Commuting: A blessing and a curse

Commuters balance social life and school all while living off campus. Photo by Cayllah McKensey.
Commuters balance social life and school all while living off campus. Photo by Cayllah McKensey.

Being a commuter at Maryville College is hard enough without the added detail that they can sometimes feel like the forgotten population on campus. Most commuters are only on campus long enough to go to class and then they head home because there isn’t much time for other things due to life at home. But most commuters wouldn’t have it any other way. Even through all the hardships, there is still a silver lining.

Senior Kandyn Leach describes what it’s like to live off campus.

“I love commuting, I really do. It’s nice to live at home and be able to watch my younger siblings grow up,” said Leach.

She explained that even though it can be difficult to live off campus with class cancellations and inclement weather, her family is what matters to her most, and that is why she chooses to live at home with them. Not only that, but she, like many other commuters, don’t have to pay rent which helps with the daunting tuition fees of Maryville College.

On the downside, she explained that it can be hard to have a social life on campus due to her 40 minute commute to arrive on campus.

“I can’t really be involved in many after school activities. I have a job so I can’t just hang out after my classes are over,” said Leach.

She isn’t the only commuter who feels the curse of being left out of campus life. It can be hard to be involved when, in addition to the long drive to and from home, you have nowhere to go to sit and be comfortable, other that the commuter lounge that is often empty. The lounge is the only place on campus designated for commuters to gather, but most times when a student arrives, he or she is the only one there.

Another commuter, Rachel Resciniti explained that her situation is different, but she also wouldn’t change anything about it.

“I’m married, I have a child, and I own my own home; living on campus is obviously not an option for me, and honestly there are times that I regret that . . . there are times I miss out on a lot of things, just because I am not present,” said Resciniti.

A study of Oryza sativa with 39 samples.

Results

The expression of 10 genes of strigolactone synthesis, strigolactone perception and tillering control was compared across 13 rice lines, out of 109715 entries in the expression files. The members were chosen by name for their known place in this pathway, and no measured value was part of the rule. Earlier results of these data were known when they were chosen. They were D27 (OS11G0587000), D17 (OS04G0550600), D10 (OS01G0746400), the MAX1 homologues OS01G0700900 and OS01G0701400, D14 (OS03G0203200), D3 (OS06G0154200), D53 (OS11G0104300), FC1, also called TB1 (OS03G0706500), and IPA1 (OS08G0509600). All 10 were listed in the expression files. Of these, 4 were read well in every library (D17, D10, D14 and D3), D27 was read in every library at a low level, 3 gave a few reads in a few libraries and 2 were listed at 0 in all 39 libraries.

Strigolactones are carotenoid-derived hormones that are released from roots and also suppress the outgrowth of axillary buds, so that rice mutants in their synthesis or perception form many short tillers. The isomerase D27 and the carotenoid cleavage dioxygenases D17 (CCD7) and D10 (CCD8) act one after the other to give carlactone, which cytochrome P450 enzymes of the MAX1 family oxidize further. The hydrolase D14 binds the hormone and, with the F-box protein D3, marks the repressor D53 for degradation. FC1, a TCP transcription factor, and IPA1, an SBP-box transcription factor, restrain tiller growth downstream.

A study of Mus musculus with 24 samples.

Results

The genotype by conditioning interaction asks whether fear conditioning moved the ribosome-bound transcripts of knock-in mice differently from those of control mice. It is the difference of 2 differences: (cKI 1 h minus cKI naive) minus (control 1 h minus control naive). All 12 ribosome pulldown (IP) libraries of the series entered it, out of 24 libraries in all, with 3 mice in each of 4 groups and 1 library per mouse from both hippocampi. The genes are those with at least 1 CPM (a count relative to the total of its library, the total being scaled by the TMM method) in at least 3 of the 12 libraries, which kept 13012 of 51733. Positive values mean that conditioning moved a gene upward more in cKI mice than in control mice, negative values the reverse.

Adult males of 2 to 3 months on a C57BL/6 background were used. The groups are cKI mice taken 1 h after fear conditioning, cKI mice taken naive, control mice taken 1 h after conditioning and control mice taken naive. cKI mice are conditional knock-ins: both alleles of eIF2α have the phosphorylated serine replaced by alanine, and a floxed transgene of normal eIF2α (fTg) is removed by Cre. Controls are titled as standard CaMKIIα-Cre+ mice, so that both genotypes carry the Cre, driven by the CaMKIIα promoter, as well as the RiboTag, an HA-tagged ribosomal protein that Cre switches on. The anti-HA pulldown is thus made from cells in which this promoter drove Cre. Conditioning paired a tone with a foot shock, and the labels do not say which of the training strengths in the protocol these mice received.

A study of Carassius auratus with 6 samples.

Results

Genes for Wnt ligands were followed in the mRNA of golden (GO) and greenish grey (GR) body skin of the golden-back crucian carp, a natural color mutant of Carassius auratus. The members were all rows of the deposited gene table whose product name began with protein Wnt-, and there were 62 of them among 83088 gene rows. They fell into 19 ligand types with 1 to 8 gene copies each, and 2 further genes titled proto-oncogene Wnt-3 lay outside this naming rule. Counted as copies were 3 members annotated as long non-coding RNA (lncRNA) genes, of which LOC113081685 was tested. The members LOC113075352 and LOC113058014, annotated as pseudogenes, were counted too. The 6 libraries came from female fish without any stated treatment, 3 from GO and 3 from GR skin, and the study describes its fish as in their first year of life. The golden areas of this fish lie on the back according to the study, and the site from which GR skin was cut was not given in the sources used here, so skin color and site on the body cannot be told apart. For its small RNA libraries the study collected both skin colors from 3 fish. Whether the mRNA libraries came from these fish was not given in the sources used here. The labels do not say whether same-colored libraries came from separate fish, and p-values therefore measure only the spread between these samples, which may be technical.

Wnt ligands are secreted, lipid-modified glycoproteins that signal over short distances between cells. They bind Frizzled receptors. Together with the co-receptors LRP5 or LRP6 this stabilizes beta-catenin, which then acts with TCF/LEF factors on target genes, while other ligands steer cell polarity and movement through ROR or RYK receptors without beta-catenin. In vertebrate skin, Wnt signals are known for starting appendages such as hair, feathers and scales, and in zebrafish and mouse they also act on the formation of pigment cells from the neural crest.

Resciniti explained that her situation is different because she is a non-traditional student, and she still wants to be a part of the campus that she calls her own; however, having an entire life outside of MC, is hard to ignore.  The trade-offs are significant, but Resciniti still would not trade living on campus for what she has off campus.

Many commuters feel this sense of regret because of the disconnection between them and the rest of the student body. They miss out on events, clubs and even the small things like late night talks with friends and study sessions. When you live far away from campus, coming back to just hang out is not always an option.

Disconnect seems to be a common feeling. It doesn’t seem be a lack of desire from commuters to be a part of campus life, it is more often than not a lack of time to be here. In fact, most commuters make plans to be involved as they come to Maryville College, but somehow it always fails.

Trying to find your place in this world is hard enough as a college student.  Commuting seems to make everything harder for this group of students— even parking.

Maryville College graduate Augusta Phillips, class of ’16, and commuter all four years of school explained that parking was always a nightmare and next to impossible.

“I can remember how it felt like security never gives tickets to those who park in our parking spots in Thaw or the baseball fields. We are late to class because we are constantly battling renovations, events on campus and other students who live on campus but still park in our space. I always ended up trekking from the Woods and would sprint to class,” said Phillips.

Parking seemed to be Phillips’ biggest memory, but she, and other commuters, all explained the same idea about why it is so great to live at home.

“I have my own space. I have my own quiet time. I have home cooked food that is better than Pearson’s any day. I have my family and my pets, and I wouldn’t trade that for anything,” said Phillips.

Overall, commuters have a hard time figuring out where their place is on campus, and it can be very difficult at times. For all the times that they do not feel at ease on campus, there is a home waiting for them, and no matter what happens, that is always exactly where they are wanted most.

Commuting can be a curse in the fact that commuters often feel like the forgotten population on campus. But they are still as much a part of Maryville College as residential students even if they cannot be on campus all the time.